Wither our post?

Around 5pm today I decided that I couldn’t keep up with what had become a wildly distorted debate that had its roots in a post I made last week regarding the set-up experience I and my colleagues had on the Microsoft Surface.

In the original post, I wrote about the comical event it was in getting our new Surface unit plugged in and the touch-screen interface launched. I made a point to say that my critique was limited to just the set-up experience – that once launched, the Microsoft Surface unit offered a really stunning user experience. But by 5pm today that discussion had become so chock full of “web-muck” (the online equivalent of the telephone game, where the original message gets lost in the transmission) that it was becoming a huge distraction. So like a ship captain desperate to jettison a fouled cargo, I took it down. No one asked me to, I was just overwhelmed with 20,000+ people wanting red-meat in the tireless Apple vs. PC debate.

To those many thousands of  people who asked some really insightful questions about the Surface experience, I’ll happily post a “real-life demo” of the unit itself (from “on” to “off”) and the application we developed for it next week. As I’ve said, I really love the product and I’m excited to be doing more work on it in the future.

To those impassioned souls who accused me of being everything from a “Microsoft Apologist” to “M$ fanboy” to a “complete idiot”, let me just lay out some facts here:

Fact 1: I’ve been working on a Mac since 1989, I own 2 iMac’s (including the old “flower” model), 3 iPod’s (including a 2nd generation one that’s still singing) AppleTV and an original, day-1 iPhone. We also have a HP laptop at home.

Fact 2: I wrote a blog post based on the faulty impression that our experience was what other Surface customers would also encounter.  I got a call from a guy named Jason who works at Microsoft, who first thanked me for pointing out some areas of improvement to their new product, told me he thought my post was funny, and then pointed out that our experience in fact wasn’t what Microsoft intended. Turns out, in fact, that our experience will most likely be unique, in that all customers should either receive an installation service or two days of training. He directed me to the online Surface “Eco-System Partners” site for additional help, info and community. I thanked him for the call, and we hung up.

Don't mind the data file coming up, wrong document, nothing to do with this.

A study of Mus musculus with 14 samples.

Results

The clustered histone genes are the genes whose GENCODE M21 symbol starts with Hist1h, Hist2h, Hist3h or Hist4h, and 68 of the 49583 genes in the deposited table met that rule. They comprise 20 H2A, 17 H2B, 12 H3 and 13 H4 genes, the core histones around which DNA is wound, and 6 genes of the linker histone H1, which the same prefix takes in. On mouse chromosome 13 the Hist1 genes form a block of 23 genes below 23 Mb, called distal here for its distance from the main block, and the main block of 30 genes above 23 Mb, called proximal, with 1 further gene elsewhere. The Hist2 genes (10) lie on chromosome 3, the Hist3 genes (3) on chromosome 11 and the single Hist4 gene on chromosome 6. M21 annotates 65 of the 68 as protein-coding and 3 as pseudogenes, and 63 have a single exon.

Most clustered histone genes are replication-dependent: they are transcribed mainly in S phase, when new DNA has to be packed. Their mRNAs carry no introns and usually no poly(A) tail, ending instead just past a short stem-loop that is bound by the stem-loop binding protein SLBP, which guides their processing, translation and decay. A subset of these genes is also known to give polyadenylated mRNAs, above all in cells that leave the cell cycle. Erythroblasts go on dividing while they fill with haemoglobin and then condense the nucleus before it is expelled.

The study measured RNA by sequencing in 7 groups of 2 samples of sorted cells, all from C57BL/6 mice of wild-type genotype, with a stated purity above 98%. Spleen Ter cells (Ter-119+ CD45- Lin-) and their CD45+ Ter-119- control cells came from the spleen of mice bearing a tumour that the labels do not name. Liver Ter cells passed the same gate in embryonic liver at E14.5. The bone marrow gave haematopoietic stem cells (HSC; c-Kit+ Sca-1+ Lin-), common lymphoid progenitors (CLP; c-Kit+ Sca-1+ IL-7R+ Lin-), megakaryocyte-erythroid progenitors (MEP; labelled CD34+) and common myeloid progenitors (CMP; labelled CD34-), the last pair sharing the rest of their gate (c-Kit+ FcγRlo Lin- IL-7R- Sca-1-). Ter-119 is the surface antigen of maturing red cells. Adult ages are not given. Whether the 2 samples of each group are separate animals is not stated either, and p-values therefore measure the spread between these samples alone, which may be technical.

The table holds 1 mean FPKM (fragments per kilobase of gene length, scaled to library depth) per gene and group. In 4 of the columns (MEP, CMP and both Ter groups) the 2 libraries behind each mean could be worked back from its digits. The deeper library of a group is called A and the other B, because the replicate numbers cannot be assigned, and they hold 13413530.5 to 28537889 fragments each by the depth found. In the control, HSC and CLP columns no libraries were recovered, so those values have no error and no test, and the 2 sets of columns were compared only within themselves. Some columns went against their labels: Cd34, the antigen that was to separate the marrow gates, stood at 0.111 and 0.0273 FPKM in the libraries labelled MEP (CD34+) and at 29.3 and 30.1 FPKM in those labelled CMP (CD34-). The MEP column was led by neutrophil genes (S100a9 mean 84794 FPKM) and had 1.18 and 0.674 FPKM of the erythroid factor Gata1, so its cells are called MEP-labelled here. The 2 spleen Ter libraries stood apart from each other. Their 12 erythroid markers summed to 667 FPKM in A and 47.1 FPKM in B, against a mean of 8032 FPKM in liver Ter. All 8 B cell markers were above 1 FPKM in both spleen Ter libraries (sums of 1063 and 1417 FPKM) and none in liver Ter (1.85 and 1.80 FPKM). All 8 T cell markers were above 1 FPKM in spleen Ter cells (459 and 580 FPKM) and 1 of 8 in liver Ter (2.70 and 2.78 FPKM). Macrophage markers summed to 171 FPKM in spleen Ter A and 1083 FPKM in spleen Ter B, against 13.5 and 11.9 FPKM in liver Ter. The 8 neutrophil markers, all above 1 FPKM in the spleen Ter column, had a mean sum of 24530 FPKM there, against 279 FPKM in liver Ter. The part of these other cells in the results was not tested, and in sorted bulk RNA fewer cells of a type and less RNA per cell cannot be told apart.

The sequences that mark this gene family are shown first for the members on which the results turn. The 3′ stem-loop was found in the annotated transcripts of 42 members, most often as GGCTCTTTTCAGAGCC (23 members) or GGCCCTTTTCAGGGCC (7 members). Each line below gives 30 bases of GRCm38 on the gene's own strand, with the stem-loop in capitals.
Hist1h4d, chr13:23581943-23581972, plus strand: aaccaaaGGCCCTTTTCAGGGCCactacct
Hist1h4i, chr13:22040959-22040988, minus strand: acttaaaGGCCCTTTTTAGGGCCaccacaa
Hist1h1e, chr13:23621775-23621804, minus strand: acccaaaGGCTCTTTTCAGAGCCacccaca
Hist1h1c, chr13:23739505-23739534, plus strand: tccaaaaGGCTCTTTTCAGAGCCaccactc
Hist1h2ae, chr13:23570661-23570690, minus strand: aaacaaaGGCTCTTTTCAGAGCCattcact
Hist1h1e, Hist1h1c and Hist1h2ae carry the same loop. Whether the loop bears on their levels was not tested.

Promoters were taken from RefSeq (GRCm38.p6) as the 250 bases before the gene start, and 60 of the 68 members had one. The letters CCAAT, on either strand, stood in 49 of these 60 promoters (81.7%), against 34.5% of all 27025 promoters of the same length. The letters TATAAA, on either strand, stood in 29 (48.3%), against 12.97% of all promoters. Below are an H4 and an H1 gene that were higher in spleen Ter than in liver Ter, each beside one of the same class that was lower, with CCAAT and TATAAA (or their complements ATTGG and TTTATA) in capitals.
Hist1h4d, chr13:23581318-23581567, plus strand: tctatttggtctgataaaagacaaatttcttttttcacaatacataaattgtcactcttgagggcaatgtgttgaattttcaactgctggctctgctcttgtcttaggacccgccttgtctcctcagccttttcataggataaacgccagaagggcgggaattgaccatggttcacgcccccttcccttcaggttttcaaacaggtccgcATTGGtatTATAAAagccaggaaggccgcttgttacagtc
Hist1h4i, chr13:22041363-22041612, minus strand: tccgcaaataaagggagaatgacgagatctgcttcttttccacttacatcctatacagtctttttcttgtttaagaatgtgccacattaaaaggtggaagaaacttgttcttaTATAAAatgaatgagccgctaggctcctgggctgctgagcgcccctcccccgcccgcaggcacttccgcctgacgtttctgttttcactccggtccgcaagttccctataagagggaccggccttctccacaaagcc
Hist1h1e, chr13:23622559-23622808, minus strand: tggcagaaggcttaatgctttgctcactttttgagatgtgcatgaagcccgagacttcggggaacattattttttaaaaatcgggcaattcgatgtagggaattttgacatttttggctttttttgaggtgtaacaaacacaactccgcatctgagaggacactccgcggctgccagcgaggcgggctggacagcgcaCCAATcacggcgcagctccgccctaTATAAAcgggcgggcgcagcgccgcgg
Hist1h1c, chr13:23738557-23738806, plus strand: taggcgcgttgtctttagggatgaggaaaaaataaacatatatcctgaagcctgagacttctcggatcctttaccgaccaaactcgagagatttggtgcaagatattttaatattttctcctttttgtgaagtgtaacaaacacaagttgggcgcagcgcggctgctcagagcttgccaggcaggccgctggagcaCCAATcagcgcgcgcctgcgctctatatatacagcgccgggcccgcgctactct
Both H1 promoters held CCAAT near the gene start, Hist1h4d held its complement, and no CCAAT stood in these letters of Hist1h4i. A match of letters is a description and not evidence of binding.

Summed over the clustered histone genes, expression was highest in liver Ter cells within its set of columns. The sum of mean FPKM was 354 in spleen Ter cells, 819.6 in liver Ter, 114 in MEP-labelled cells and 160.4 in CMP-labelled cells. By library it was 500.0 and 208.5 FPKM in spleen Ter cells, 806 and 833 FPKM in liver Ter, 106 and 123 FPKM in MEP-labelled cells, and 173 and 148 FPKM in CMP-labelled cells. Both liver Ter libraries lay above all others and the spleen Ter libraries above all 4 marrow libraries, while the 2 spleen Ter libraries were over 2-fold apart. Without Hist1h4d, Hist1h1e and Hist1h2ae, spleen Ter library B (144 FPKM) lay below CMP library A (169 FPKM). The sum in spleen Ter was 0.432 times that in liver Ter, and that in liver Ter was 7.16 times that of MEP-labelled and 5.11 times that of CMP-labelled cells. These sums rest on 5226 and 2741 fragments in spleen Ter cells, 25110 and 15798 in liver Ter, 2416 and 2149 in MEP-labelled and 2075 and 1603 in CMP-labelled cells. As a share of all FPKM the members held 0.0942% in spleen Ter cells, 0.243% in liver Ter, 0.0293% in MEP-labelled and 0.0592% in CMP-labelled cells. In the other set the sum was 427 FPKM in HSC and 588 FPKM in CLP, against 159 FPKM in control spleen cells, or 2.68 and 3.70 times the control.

Fact 3: By 5pm today, the “web-muck” had grown so thick around the original post (“Microsoft Surface is a useless table”, and other hyperbole) that I took it down and replaced it with this second post. It explains the circumstances around how we came by our experience, and why it is unique. And it being unique, how that undermines much of the first post.

I really, really appreciate the debate about usability – I love the fact that there are thousands of others actively engaged in it as well, and with equal or even greater passion than me. But it doesn’t have to devolve into the Montagues vs. Capulets (happy birthday Mr. Shakespeare!) – or the Hatfields vs. McCoy’s. We live in a multi-tech world, and we seek to create quality user-experiences on whatever platform we work (which so far has included the Internet, the iPhone, the Surface and – coming soon – Google Android, among others). In our office we love our Mac’s. We love our Microsoft Surface. We love running MS Office on our OSX machines.

We also love all this traffic to our previously sleepy blog page – come back next week to get the tour of the Surface app!